Conveyancing is essentially the process of buying and selling a property – the transfer of ownership from the seller to the buyer. It is possible for buyers and sellers to do their own conveyancing if they are not keen to pay the fees for conveyancers or conveyancing solicitors, however, this can be very time consuming and, for those who don’t know their way around the conveyancing process, mistakes can be costly. When it comes to hiring someone to do the conveyancing, there are basically two choices – licensed conveyancers or conveyancing solicitors.
The main advantage of using conveyancing solicitors over a licensed conveyancer is the breadth of expertise you will have at your disposal. A licensed conveyancer can do conveyancing and only conveyancing, where as a conveyancing solicitor has a broader understanding of other areas of law that may also come in useful (such as tax), and will most likely have colleagues qualified in other areas on hand, who can step in and help if necessary.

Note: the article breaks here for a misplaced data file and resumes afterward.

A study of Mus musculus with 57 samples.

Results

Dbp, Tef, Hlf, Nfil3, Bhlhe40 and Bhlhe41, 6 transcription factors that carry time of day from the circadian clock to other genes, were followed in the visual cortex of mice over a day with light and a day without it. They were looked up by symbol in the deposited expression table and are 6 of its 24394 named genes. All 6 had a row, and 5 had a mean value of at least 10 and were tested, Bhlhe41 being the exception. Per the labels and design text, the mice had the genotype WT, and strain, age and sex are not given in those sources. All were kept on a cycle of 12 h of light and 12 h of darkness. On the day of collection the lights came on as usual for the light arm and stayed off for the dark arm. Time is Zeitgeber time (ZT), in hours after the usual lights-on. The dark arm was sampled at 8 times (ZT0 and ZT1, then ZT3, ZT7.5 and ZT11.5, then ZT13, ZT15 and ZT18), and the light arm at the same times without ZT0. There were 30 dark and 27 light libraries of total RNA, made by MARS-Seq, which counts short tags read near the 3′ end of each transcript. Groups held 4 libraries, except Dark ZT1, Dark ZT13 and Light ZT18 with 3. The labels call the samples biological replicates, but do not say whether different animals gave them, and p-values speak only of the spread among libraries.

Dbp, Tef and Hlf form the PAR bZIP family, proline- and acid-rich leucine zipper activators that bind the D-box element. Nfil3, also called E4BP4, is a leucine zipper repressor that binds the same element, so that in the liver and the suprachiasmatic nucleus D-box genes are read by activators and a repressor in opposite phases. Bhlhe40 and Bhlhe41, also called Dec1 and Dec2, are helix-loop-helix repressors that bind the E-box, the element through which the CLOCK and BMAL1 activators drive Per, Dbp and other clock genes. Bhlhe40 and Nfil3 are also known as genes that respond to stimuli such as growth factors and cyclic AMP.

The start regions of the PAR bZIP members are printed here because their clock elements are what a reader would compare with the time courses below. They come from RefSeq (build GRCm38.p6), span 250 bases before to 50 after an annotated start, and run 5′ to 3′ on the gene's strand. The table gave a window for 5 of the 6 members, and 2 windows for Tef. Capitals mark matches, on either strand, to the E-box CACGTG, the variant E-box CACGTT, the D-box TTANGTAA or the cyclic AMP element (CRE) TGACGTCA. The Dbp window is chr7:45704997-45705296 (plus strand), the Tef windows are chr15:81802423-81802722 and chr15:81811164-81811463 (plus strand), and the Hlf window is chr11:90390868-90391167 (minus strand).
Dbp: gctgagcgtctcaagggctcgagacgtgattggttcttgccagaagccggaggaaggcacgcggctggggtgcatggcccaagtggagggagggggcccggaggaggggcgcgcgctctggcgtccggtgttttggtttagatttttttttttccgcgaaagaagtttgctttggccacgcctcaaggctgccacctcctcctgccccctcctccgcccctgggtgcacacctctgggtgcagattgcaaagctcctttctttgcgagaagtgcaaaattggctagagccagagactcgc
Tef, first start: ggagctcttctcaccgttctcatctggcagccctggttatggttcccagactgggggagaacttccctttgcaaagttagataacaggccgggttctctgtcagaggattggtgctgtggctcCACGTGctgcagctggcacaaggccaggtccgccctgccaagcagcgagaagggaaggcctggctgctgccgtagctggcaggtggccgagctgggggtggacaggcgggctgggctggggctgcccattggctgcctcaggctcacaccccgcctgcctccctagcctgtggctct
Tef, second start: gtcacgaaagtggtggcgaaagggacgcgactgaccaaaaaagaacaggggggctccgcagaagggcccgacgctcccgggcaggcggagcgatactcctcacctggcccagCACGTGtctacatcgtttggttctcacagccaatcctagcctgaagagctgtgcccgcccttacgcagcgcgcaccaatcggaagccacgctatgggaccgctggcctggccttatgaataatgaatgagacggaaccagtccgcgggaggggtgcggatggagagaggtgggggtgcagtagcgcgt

The advantages of using a conveyancing solicitor rather than a licensed conveyancer are particularly obvious if anything goes wrong during the conveyancing process. If there are disputes that arise in areas that are not covered by a licensed conveyancer’s experience then the cost of the conveyancing process can rise significantly where a solicitor has to be brought in, in addition to the conveyancer. It can be a cost saving exercise overall to simply use a conveyancing solicitor from the outset, so that where issues crop up these can all be dealt with by the same person.
Another advantage of using a conveyancing solicitors is the indemnity insurance that the solicitors will have, which will most likely cover your costs, and any losses, for anything that goes wrong. Solicitors are generally covered for around £1 million of indemnity insurance per transaction, which should be more than enough in most cases to set a situation right where a solicitor is at fault. Finally, whilst you may find a conveyancing solicitor costs a little more than a licensed conveyancer up front, this will often translate to a substantial difference in the conveyancing service and a conveyancing solicitor may in the end be better value for money.